Electrolytic corrosion shares a common characteristic with cockroaches – see one example and there’s probably a lot more under the floorboards. The crew of the fishing vessel Velee apparently found that out the hard way to judge by the latest investigation report from the UK’s Marine Accident Investigation Branch.
Late on 5 August 2011, the 19m trawler Vellee (Figure 1) suffered catastrophic flooding when on passage from Fraserburgh to Kilkeel. The crew received no warning of the water ingress from the vessel’s three high-level bilge alarms, and by the time the flood was discovered, the sea water level was above the main engine’s gearbox.
The crew were unable to establish the source of the water ingress and, despite making attempts to pump out the water, in the early hours of 6 August they were forced to abandon to the liferaft.
Approximately 45 minutes later the vessel sank. The crew were rescued by helicopter and delivered safely ashore at Stornoway.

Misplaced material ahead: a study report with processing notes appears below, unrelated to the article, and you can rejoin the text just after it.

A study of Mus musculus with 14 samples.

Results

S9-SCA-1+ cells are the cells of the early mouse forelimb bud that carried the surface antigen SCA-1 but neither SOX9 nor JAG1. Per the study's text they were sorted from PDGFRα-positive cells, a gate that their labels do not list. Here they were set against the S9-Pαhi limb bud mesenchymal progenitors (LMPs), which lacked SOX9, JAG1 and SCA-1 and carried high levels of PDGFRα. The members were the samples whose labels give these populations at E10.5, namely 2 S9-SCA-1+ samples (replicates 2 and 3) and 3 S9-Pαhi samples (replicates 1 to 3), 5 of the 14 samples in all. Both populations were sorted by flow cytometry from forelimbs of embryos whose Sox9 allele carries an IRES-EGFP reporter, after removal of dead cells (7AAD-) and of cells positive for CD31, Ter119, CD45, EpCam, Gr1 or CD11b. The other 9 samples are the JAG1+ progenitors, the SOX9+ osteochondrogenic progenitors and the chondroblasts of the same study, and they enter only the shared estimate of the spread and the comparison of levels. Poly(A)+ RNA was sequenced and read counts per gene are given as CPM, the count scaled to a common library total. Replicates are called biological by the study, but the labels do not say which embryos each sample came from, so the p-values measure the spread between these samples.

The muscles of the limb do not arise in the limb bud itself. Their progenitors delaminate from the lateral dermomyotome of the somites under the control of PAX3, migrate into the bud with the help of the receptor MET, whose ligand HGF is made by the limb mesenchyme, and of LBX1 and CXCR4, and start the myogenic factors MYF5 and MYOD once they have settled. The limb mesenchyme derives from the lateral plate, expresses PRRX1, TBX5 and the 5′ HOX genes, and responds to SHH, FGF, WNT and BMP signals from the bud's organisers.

Says the investigation report:”Two of the vessel’s main engine cylinder liners needed to be replaced as a consequence of severe electrolytic corrosion only days before her final voyage. It is highly probable that electrolytic corrosion had also affected the vessel’s sea water piping and associated fittings, weakening their integrity and ultimately causing a failure”.
Investigation by marine electricians had identified the probable sources of the electrolytic action and repairs were made to prevent further electrolysis. However, no further inspections were made and the owners issued no instructions to identify other areas that might have also suffered from electrolytic corrosion. Furthermore, no precautions were taken to combat the increased risk of flooding resulting from electrolytic corrosion of sea water piping and fittings.Some pretty obvious lessons there.
A recommendation has been made to the owners of Vellee regarding the need to apply improved maintenance regimes to their remaining vessel.